You may recall the childhood tongue twister – How much wood would a woodchuck chuck if a woodchuck could chuck wood. As a child, you most likely never explored an answer even though woodchucks are real animals, and they apparently could chuck wood if there was a need to do so. Check out the answer here.
This childhood game resembles our data strategies of the past. We thought collecting any and all data was superior to understanding why we were collecting the data or if the data we were collecting was relevant. We then went on to believe what the data was telling us even though we had not explored whether these were the answers we needed for our business to thrive.
Our current strategies are starting to resemble the burrowing animal’s habits. We are moving towards chucking less data and are focusing on more what is required for our business. This starts with better understanding the V’s of data (Volume, Velocity, Variety, Veracity, and Value) when designing systems and repositories. Yet even then, we are still capturing ever increasing amounts of data from many sources and not all of it is neatly structured.
This is where data administration and data engineering meet data science. Whereas Database Administrators and Data Engineers focus on how to best store and administer data, the Data Scientist brings the data to the business for analysis. So, what is it exactly that Data Scientists do?
Data Scientists’ core responsibilities are to collect, cleanse, and analyze data resulting in business insights that can improve organizational decision making. This involves taking data from various sources across the organization, cleaning and validating data to ensure accuracy, completeness, and uniformity, modeling the data (many times using machine learning), create a visualization of the data, and communicating findings to the business with recommendations.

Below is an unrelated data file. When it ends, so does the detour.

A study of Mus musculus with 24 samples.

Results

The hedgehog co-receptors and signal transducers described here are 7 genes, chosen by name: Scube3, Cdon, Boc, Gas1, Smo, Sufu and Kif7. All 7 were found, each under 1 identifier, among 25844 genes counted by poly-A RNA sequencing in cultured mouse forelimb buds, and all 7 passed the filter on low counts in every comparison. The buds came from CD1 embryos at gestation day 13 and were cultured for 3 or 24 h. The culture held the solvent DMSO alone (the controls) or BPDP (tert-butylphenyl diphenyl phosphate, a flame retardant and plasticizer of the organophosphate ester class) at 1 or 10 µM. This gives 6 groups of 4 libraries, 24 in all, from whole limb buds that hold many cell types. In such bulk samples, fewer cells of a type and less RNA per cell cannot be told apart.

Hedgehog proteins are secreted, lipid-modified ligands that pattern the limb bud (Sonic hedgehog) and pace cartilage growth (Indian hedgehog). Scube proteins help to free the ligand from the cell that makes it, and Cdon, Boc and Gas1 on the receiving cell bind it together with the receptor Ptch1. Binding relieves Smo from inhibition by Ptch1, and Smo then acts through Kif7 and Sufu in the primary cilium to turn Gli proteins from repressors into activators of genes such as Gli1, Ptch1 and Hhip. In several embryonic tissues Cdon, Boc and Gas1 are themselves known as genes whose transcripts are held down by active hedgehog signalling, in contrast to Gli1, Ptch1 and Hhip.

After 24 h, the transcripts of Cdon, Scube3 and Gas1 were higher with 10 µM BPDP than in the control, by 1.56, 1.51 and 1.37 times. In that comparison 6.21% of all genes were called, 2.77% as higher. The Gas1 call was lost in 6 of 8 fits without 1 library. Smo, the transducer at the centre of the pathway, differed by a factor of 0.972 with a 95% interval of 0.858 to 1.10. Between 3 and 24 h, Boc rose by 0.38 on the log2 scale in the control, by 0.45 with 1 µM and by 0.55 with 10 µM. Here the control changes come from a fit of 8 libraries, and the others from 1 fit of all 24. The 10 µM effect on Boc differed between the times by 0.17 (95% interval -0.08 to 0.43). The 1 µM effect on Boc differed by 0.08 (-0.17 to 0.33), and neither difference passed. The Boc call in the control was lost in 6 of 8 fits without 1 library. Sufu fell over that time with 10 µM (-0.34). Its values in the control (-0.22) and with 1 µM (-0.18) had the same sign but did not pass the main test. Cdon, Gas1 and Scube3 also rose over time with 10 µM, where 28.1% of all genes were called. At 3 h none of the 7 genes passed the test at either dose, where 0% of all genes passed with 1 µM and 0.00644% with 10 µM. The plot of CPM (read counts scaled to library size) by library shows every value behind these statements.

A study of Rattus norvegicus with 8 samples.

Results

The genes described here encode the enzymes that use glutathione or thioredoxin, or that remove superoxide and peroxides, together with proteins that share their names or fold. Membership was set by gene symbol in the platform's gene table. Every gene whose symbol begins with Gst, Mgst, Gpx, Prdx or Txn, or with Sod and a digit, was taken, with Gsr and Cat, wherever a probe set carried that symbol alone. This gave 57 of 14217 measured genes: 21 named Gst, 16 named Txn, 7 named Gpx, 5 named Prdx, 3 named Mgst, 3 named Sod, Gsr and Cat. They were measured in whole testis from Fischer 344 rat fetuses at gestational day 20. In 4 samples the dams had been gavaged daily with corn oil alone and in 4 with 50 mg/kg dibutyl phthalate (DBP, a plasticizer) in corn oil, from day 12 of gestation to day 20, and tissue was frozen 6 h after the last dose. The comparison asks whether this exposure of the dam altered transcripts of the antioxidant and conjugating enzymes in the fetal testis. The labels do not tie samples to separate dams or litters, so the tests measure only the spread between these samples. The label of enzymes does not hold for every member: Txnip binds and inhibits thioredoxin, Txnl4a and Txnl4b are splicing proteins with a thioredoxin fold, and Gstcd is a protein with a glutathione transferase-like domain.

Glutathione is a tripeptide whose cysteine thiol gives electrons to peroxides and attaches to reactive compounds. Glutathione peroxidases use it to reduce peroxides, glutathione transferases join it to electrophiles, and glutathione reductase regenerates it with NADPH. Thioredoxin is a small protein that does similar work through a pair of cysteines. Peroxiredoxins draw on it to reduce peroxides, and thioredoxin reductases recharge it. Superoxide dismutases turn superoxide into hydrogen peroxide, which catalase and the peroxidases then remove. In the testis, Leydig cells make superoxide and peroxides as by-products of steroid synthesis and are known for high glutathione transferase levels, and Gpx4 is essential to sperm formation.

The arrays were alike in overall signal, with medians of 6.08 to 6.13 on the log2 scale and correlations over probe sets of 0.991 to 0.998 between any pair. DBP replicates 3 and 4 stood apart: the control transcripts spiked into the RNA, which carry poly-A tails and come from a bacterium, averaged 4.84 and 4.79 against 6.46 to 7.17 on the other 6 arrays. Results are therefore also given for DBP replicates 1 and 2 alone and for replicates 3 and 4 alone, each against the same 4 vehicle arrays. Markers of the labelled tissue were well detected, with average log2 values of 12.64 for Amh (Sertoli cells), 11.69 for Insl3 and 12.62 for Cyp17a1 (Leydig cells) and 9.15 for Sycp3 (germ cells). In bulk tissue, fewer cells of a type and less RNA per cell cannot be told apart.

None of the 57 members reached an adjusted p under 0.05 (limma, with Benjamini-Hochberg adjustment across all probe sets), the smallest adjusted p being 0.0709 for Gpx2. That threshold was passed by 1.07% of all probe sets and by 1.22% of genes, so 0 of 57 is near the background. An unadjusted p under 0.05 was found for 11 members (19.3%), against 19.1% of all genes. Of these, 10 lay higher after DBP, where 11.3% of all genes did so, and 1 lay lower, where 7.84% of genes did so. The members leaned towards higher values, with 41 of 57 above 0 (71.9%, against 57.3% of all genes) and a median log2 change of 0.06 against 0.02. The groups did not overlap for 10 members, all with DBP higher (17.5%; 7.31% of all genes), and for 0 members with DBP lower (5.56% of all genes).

You may have someone doing this in your organization today whether they hold a Data Scientist title or not. They may be combining data from your Customer Relationship Management (CRM) system, Marketing Automation platform, ecommerce platform, social media channels, and website. In pulling all this data together, they are likely to provide a more complete view on existing or prospective customer behaviors.
For example, if a customer has already purchased, they are likely in your CRM and ecommerce platform. But how are they engaging with your email campaigns, through your website, or in social media? What can this behavior tell you about their level of satisfaction of what they have purchased or are likely to purchase next? By modeling out this cross-platform data, a Data Scientist will be able to assist you in answering these and many more questions. In the end it is not about how much wood we can chuck, but more about the value we create by the wood we do chuck!